Written as a hymn for Black middle schoolers, the song’s celebration of resilient faith still resonates.
I was in elementary school when I learned the words to all three verses of “Lift Every Voice and Sing.”
As a Black adolescent in the Leimert Park neighborhood of Los Angeles—made famous by movies such as Boyz n the Hood, Training Day, and Straight Outta Compton—this song had particular meaning to me. It was sung with pride at church and social events during Black History Month, an annual commemoration that Black lives, Black accomplishments, and Black achievements matter.
Now known as the “Black national anthem,” “Lift Every Voice and Sing” was penned in 1900 as a hymn of hope—grounded in the belief that resilient faith would sustain us against oppression.
James Weldon Johnson, the songwriter, was born in Jacksonville in 1871 to a Haitian mother from the Bahamas and a father from Richmond. The Johnsons had moved to the coastal Florida city, which stood out as a place in the South where Black people had access to education (though segregated) and economic opportunity.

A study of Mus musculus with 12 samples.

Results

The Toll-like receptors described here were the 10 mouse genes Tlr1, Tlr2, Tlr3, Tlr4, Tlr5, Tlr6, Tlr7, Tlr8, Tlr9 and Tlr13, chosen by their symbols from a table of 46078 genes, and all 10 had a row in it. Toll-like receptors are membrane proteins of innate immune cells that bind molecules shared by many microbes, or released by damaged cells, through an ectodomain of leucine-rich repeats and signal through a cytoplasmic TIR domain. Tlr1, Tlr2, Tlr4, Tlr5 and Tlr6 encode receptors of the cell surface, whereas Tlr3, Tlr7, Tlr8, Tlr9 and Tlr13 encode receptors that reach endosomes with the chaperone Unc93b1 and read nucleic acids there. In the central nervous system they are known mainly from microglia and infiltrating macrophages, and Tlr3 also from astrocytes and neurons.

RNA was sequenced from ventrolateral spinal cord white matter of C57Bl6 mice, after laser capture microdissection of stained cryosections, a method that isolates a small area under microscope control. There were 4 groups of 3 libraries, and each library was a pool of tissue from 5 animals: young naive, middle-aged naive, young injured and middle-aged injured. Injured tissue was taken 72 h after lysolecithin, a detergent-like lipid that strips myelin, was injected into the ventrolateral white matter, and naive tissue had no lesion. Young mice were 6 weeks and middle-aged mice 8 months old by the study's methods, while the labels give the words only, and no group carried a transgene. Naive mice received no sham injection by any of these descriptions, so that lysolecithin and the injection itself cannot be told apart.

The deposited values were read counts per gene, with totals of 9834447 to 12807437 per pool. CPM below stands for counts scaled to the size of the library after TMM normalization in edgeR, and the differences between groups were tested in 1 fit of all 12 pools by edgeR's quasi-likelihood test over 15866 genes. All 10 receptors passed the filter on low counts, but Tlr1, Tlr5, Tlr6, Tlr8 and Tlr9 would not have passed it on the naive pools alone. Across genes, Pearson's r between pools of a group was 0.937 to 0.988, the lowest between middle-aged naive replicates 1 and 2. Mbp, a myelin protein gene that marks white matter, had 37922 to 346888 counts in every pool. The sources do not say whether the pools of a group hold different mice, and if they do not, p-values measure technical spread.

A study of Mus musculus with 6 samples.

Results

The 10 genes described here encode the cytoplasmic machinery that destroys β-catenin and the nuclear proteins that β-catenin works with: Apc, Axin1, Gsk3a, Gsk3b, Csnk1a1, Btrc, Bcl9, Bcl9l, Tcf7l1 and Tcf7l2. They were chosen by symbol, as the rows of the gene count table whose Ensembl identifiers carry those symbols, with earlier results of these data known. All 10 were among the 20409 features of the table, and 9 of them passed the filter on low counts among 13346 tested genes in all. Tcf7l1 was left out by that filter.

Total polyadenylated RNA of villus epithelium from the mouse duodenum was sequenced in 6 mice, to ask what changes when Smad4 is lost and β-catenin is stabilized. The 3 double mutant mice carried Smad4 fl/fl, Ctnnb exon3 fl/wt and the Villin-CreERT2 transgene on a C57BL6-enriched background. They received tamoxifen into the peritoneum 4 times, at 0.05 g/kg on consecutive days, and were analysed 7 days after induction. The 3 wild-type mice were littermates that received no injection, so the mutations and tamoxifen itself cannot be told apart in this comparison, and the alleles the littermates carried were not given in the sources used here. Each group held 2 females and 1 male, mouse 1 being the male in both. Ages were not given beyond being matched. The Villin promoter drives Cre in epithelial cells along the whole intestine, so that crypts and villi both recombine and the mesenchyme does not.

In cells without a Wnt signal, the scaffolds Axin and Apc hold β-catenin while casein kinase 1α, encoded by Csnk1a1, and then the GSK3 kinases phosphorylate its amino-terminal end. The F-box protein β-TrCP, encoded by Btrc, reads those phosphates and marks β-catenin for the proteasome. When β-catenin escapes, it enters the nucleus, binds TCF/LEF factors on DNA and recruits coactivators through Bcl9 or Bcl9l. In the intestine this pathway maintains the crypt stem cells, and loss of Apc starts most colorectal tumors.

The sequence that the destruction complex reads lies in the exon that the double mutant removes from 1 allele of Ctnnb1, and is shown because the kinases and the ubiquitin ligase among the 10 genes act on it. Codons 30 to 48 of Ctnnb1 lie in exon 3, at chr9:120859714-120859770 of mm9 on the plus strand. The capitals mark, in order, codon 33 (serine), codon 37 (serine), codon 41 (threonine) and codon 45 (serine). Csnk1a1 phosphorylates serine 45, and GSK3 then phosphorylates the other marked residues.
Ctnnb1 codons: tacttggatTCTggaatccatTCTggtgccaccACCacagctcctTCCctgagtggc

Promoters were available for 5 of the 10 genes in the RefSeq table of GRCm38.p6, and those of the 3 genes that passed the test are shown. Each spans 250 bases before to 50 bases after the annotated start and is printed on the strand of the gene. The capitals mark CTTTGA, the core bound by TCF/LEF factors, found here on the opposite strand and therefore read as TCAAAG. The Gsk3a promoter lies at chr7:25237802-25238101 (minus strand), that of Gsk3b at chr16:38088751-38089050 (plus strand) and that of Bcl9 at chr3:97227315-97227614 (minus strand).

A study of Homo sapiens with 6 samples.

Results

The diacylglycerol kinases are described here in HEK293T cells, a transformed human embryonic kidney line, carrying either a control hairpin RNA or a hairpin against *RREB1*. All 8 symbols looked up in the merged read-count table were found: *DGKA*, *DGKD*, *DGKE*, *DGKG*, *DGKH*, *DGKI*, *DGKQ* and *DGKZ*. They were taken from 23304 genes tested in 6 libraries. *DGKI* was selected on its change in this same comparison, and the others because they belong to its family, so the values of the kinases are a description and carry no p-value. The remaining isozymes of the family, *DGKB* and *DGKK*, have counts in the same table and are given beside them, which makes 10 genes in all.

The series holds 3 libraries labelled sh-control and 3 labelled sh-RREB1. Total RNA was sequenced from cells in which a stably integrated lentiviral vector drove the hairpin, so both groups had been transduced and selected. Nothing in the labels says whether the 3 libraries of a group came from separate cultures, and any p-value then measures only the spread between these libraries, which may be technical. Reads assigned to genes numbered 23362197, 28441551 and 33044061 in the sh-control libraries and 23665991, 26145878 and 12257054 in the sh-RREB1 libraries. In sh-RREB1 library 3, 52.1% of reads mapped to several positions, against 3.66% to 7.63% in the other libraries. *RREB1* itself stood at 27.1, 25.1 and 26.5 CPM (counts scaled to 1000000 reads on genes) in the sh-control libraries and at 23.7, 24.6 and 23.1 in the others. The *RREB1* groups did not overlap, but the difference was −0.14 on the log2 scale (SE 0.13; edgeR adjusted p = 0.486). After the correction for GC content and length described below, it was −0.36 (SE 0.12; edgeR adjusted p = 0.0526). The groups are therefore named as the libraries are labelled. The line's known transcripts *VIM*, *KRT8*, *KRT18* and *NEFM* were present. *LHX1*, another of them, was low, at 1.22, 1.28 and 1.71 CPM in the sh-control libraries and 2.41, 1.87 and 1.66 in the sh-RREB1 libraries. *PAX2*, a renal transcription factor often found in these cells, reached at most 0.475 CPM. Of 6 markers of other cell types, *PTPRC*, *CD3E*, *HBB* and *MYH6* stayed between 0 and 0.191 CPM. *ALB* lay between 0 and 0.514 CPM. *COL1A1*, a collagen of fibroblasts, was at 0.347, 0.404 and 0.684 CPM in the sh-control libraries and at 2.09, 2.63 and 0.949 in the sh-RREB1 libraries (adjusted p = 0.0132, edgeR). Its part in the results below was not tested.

Like many other Black Americans at the time, James Weldon Johnson was influenced by the message of educator, orator, and public intellectual Booker T. Washington. Born into slavery in 1856, Washington advocated for Black liberation through economic and educational achievement, serving for decades as the first leader of the Tuskegee Normal and Industrial Institute (now Tuskegee University).
Washington was also a devout Christian who integrated his pragmatic approach to faith into his service as an educator and national leader. He believed that God was powerful enough to liberate Black people from the evil of racism. Washington’s focus on education and emphasis on hope and resilience inspired Johnson.